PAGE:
For the first time ever, an Israel Defense Force reservist with right-wing sympathies has been tried and jailed for refusing a call-up for military service.
In the past, scores of reservists with left-leaning sympathies have been detained in military stockades for refusing to carry out their duties in the West Bank and Gaza Strip.
Their refusal to respond to call-up orders was typically based on the grounds of conscientious objection to undertaking police duties in the territories, where armed reservists often find themselves in head-on confrontations with rockthrowing youths.
Their punishments generally ran from 14 to 28 days’ detention in military stockades. But many of them have served consecutive terms for rejecting new call-up orders that were handed them as they left the army stockade after their initial prison term.
Now the first so-called right-wing “refusenik” has been sentenced for refusing to obey a call-up order. His refusal was a protest against the government’s peace policy.
The incident occurred, however, before Israel and the Palestinians reached a preliminary agreement for Palestinian self-rule in the Gaza Strip and the West Bank town of Jericho.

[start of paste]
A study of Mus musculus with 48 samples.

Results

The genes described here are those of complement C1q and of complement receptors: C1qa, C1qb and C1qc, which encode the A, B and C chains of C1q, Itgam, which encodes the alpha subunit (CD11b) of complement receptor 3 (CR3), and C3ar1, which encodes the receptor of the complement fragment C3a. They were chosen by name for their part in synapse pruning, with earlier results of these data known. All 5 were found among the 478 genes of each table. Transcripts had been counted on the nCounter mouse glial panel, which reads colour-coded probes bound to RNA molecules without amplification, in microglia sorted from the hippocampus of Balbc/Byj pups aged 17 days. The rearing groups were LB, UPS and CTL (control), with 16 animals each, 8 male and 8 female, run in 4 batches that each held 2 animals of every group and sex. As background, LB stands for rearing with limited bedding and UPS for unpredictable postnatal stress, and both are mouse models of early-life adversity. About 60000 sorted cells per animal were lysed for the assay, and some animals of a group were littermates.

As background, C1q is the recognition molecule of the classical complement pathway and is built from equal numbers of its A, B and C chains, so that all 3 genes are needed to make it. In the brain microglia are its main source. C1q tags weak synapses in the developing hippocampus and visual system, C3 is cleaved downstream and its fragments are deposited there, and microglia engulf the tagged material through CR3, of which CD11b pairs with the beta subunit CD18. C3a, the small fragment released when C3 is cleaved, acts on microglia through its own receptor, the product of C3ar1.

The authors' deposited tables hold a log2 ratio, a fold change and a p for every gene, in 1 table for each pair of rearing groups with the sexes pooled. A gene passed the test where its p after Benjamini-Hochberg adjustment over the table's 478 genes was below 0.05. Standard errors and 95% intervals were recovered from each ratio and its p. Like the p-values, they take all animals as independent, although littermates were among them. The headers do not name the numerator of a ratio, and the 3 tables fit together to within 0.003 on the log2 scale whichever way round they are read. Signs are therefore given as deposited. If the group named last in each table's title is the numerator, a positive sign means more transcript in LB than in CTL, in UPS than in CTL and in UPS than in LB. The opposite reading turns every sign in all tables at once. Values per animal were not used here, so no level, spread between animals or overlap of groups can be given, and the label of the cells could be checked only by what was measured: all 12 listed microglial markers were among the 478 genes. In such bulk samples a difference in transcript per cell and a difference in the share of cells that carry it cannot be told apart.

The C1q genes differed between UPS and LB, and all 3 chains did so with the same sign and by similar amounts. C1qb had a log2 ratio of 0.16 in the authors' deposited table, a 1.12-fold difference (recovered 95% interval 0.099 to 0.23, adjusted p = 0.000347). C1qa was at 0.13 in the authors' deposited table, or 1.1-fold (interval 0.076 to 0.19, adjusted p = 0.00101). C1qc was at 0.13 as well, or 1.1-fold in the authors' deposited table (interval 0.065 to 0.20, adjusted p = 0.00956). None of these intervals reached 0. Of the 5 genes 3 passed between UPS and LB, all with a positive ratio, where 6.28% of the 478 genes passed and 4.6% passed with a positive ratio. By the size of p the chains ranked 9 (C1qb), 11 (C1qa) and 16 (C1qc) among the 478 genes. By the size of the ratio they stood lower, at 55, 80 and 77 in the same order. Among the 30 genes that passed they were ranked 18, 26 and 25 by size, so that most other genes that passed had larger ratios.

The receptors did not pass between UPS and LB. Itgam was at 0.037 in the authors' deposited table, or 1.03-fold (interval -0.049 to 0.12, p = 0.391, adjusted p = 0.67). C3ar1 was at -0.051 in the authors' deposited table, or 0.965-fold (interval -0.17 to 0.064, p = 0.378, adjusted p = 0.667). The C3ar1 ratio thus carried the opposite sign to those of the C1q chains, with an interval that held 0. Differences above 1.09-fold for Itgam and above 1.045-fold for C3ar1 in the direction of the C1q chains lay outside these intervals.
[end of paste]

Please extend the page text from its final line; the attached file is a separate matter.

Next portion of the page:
Reserve Capt. Mordechai Karpel, 40, a resident of the Bat Ayin settlement in the Etzion bloc south of Jerusalem, sent a letter to Prime Minister Yitzhak Rabin several weeks ago, refusing a reserve call-up notice.
He stated that Rabin’s policy was “leading unequivocally to the establishment of an alien state in the Land of Israel.”
Karpel was sent home at the time without any action taken, other than to send him a second call-up order. But he again rejected the order and sent a second letter to Rabin, who also retains the portfolio of Israel’s Defense Ministry.
Karpel was this time put on trial for refusing an IDF order and was sentenced last week to 14 days’ detention.